What is the Connection Between Congestive Heart Failure and Pneumonia?

  • Edited By: Bronwyn Harris
  • Last Modified Date: 30 October 2019

Pneumonia is a condition of the lungs which is characterized by heavy mucus production, coughing, chest pain and heaviness, and trouble breathing. It can be caused by irritation to the lungs, bacterial or viral infections, or sometimes fungi and parasitic infections. Congestive heart failure is a condition in which one or both sides of the heart muscle are not able to effectively pump blood throughout the body. Sometimes this can be caused by a severe and chronic lung condition like emphysema, which has many of the same symptoms of pneumonia.

Both congestive heart failure and pneumonia can cause shortness of breath, heaviness in the chest, chest pain, fatigue, and weakness. Even coughing can be present with both conditions because sometimes heart problems can lead to inflammation and congestion in the lungs due to lack of oxygen in the bloodstream. Doctors must check patients thoroughly to determine the cause of symptoms, and X-rays are not always conclusive.


Heart issues can also cause severe complications in those who have pneumonia. If trouble breathing and lack of oxygen intake is an issue, patients may need to be placed on a ventilator or oxygen machine since this issue can be compounded by an ineffectively pumping heart. Many times the pneumonia is treated first so that patients are healthy enough to undergo the often invasive treatments needed for congestive heart failure.

Patients with congestive heart failure and pneumonia are generally kept in the hospital so that proper care can be given. There are various types of pneumonia, so exact treatments will depend on the source. Heart failure can be treated with a variety of things, including medication or surgery. The overall prognosis for both conditions generally depends on the patient’s age and whether any additional health issues are present.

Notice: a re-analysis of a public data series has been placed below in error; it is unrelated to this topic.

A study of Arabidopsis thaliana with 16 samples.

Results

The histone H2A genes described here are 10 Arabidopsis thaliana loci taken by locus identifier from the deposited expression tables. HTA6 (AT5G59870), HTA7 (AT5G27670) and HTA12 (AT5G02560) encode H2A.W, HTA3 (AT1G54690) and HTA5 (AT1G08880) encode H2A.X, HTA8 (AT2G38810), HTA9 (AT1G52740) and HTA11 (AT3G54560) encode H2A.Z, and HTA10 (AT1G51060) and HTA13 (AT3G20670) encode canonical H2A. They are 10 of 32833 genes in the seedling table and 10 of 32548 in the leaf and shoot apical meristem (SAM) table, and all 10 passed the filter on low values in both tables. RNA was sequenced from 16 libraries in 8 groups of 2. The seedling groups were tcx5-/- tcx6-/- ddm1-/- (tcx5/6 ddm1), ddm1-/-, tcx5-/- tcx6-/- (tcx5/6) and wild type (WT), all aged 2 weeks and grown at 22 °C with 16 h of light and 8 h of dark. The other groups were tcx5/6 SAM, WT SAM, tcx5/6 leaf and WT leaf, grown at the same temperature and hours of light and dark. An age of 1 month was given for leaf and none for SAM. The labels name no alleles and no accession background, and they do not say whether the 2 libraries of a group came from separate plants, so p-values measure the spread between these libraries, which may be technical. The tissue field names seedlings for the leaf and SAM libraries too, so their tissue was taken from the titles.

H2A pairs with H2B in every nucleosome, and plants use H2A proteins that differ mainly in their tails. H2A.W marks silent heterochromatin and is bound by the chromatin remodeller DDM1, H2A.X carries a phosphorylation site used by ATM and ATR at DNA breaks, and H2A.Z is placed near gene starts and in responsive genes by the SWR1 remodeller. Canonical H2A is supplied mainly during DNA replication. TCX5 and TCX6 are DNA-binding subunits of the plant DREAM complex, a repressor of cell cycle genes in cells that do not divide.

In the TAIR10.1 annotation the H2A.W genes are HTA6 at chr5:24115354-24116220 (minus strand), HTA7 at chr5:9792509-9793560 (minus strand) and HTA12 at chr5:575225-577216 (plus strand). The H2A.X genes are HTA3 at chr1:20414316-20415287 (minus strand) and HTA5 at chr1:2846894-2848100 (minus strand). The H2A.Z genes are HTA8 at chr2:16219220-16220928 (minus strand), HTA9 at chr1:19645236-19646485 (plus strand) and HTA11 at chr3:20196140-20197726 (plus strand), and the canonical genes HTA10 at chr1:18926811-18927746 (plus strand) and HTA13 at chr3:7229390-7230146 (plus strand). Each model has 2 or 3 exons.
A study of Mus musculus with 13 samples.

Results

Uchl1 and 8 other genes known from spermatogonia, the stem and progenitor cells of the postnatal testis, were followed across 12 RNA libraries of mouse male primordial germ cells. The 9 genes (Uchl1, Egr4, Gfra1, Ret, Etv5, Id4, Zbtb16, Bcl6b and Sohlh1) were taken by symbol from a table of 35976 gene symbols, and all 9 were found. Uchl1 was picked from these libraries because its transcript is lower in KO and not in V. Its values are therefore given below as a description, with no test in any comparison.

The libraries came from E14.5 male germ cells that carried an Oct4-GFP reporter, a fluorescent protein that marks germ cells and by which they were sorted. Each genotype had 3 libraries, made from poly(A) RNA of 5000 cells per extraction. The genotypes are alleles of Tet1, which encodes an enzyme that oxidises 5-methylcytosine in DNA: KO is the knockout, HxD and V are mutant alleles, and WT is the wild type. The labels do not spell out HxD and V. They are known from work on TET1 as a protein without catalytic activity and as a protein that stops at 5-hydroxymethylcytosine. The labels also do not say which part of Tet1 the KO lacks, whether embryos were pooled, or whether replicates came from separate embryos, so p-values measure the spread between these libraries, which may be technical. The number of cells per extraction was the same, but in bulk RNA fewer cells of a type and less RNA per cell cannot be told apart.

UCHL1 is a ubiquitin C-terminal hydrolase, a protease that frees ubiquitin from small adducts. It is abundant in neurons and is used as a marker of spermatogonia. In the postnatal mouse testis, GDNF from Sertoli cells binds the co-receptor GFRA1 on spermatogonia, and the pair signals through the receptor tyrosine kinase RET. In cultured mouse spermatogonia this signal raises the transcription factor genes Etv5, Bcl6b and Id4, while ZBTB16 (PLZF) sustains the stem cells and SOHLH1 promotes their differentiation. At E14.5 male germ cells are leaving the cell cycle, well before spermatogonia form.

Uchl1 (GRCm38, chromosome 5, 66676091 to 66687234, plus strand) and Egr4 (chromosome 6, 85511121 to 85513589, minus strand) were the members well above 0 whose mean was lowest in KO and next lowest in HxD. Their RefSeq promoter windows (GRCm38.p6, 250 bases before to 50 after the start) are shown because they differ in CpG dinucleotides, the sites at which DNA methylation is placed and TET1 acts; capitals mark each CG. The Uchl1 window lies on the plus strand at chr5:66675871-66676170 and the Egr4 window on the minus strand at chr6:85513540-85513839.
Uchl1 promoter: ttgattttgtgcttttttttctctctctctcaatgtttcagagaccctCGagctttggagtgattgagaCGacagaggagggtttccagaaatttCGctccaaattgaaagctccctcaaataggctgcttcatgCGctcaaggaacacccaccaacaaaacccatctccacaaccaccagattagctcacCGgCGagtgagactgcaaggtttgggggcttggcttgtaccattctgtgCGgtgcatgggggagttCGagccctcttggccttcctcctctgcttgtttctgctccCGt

My mom was diagnosed with congestive heart failure and pneumonia. She still feels terrible can't eat, loss of appetite lack of sleep and sleeps with oxygen. What's wrong?

Post 6

My mother is 94 and she has pneumonia and she also suffers from congestive heart failure. I am really concerned. Can someone tell me if should I be very worried? I love my mom so much. If she passes, I don't know what would I do.

Post 5

But pneumonia per se does not cause heart failure.

Post 3

@burcinc-- I think the connection between congestive heart disease and pneumonia often go the other way. Congestive heart failure often leads to pneumonia because it leads to buildup of fluids in the lung. The build up can result in infection which can then cause pneumonia if it's not treated quickly.

My grandfather experienced this. He had congestive heart disease and then, he also developed pneumonia. He was in the hospital for a long time.

Post 2

@burcinc-- It's true that pneumonia is dangerous for the elderly, but it doesn't have to be due to congestive heart failure. Pneumonia can cause death due to heart failure or respiratory failure. Sometimes it's difficult to know what the exact cause of death is. Usually, it is said that death is due to complications from pneumonia.

Having said that, if someone with high blood pressure or other heart issues has symptoms of pneumonia, he or she needs to be extra careful. Pneumonia can be dangerous for everyone. But the more chronic health conditions someone has, the more dangerous pneumonia generally becomes. Young children and the elderly are especially at risk of pneumonia complications.

Post 1

It's because of the connection between congestive heart failure and pneumonia that pneumonia is so dangerous for the elderly, right?

I often hear about and read about elderly people dying from pneumonia.